Theatre Review: The Winter’s Tale

Send in the Clowns: Shakespeare’s The Winter’s Tale by the Hong Kong Shax Theatre Group & La Trobe University Student Theatre

Reviewed by Ong Jie Yee

The second Asia-Pacific Triennial of Performing Arts (Asia TOPA) returns with a modern retelling of William Shakespeare’s The Winter’s Tale — this time through the lens of the colonised.

It is a cross-cultural collaboration generously supported by the Department of Foreign Affairs. With the intention to tell a story about the far-reaching legacy of colonialism, the University of Hong Kong’s Shax Theatre Group and La Trobe University’s Student Theatre joined forces for the very first time. And what better play to get their message across than the Bard’s classic romance.

From the Pearl of the Orient to the Land Down Under

The Winter’s Tale is known for its flagrant subversion of the ‘24-hour time span’ convention in plays. In other words, during the Bard’s time, it was almost compulsory that the plot of a play be resolved within 24 hours in the world of the story. It is pleasing to see that the production team not only gave thought to this, but pushed it further in terms of time and space. The play begins in colonial Hong Kong and ends in 1970s Australia, which is certainly fresh and fascinating for Australian audiences. Incorporated into Act I were outfits, props and characters that accurately depicted bourgeois life under colonial Hong Kong, for example traditional Chinese qipao, a traditional Chinese opera dance, and a maidservant on standby.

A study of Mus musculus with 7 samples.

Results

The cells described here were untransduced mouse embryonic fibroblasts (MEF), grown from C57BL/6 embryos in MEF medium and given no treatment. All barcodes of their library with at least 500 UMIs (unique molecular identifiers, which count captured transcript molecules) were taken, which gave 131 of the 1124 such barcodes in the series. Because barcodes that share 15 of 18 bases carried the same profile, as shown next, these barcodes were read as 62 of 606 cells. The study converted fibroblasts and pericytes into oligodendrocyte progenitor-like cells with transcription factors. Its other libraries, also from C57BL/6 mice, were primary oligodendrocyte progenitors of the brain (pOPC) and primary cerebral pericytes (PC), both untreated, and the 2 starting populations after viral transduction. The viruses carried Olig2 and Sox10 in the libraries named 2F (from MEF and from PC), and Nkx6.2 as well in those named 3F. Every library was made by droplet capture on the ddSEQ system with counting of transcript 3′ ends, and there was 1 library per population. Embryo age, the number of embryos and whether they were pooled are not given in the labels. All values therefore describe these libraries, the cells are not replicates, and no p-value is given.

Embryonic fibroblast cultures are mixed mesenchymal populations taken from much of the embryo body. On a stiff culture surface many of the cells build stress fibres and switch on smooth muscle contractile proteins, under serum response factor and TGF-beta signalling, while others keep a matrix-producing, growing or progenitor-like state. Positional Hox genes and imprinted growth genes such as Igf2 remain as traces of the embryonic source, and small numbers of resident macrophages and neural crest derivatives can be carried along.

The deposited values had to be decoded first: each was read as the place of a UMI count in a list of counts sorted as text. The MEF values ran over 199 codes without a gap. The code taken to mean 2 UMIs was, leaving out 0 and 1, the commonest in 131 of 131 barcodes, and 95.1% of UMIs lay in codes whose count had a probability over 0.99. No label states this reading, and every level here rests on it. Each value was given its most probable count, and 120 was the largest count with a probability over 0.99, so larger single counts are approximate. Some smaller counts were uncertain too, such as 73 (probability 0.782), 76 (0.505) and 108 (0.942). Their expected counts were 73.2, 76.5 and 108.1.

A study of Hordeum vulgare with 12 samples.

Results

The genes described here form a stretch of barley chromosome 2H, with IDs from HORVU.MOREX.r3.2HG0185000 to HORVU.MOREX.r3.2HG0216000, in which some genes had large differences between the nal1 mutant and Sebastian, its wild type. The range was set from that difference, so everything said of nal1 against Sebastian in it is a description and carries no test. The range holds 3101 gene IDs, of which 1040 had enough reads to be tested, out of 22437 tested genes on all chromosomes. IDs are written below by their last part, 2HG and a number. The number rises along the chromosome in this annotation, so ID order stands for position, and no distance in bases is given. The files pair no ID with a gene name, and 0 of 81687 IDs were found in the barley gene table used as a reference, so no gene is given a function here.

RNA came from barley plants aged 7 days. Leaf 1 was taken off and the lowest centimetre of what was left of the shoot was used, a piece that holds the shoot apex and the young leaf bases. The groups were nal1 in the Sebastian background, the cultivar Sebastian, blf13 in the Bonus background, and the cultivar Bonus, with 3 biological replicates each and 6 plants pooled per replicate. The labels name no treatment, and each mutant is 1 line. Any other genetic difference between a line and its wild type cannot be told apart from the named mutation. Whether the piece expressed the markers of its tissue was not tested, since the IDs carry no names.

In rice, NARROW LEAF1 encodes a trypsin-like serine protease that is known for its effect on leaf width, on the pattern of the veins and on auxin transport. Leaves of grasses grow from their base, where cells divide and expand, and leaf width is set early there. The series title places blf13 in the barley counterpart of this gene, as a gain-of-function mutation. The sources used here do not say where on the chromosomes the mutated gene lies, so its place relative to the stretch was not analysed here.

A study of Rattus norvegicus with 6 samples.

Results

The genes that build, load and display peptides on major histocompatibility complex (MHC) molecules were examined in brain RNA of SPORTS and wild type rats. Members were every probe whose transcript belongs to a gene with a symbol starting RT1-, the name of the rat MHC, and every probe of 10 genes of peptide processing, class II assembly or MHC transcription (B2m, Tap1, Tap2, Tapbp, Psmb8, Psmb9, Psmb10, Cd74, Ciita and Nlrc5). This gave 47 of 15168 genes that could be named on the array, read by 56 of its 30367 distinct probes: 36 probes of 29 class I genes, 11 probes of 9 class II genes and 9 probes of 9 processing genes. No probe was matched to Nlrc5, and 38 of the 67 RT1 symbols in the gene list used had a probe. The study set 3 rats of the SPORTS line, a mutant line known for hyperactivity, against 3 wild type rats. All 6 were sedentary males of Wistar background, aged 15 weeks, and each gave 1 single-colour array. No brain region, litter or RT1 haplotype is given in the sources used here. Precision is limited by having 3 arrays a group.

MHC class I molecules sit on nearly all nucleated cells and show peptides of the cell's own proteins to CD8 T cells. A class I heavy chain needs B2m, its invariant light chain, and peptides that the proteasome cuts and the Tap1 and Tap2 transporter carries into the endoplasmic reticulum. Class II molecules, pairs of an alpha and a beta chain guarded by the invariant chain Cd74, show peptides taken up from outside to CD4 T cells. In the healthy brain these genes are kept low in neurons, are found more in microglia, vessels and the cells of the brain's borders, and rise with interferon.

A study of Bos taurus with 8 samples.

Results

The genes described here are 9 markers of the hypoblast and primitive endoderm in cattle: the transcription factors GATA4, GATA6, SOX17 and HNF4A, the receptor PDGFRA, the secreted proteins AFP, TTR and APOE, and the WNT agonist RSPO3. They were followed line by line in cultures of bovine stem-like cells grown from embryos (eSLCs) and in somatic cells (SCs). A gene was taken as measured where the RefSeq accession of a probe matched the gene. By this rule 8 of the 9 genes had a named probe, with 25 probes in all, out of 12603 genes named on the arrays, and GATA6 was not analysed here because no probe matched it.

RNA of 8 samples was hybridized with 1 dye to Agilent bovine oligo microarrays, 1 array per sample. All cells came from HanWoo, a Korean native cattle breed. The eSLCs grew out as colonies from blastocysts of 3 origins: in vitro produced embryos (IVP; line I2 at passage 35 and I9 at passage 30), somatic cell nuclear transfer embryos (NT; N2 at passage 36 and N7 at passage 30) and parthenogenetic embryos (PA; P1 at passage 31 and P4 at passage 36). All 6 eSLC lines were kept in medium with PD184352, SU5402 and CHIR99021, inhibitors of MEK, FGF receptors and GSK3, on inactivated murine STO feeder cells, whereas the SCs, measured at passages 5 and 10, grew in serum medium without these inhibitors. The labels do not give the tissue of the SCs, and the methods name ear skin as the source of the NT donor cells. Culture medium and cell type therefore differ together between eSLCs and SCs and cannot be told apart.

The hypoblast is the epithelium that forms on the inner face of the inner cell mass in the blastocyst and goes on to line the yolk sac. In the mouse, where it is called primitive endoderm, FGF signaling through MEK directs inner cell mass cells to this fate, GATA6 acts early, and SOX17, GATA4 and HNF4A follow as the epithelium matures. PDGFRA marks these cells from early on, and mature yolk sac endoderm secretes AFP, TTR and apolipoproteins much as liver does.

The plot remains faithful to Shakespeare’s original work: paranoid King Leontes suspects that his best friend King Polixenes is having an affair with his wife, and is consumed by a rage and jealousy which will eventually destroy himself and his loved ones. From text to onstage vocalisation, the lines were also presented word-for-word, unaltered. But what was severely lacking was the cast’s delivery of those lines. As with many of Shakespeare’s works, The Winter’s Tale is heavy with poetry and blank verse; it’s safe to say that they are the crux of this play and drive the plot forward. Leontes’ soliloquy in Act I Scene II, to Autolycus’ (Jayde Hopkins) singing in Act IV Scene III, it felt as though the students were merely regurgitating whatever they memorised without understanding and internalising the meaning of the play. Not even the alliteration and sibilance in “To taste of my most worst”, “kill a king” and “The stars, I see, will kiss the valleys first”, which are supposed to be uttered clearly to place emphasis on the mood of various scenes, could be heard.

Send in the Clowns

It was only during the Shepherd (Paul Doogood) and the Clown’s (Lakshmi Ganapathy) entrance in Act III Scene III and onwards that the play began to liven up the atmosphere in the theatre. The two comic relief characters were the highlights of the play and laughter filled the theatre throughout the second half of the show. From playing musical instruments to putting on a stereotypical hip-hop persona, Doogood and Ganapathy managed to do it all to the point where it almost seemed as if the two were the ones who carried the play rather than the main characters.

This version of The Winter’s Tale by the Hong Kong Shax Theatre Group and La Trobe University Student Theatre is a crossover apt for the times that we live in. Frankly, there is still much room for improvement, but in hindsight, it is certainly a step in the right direction for cross-cultural collaboration, diversity and inclusion for all.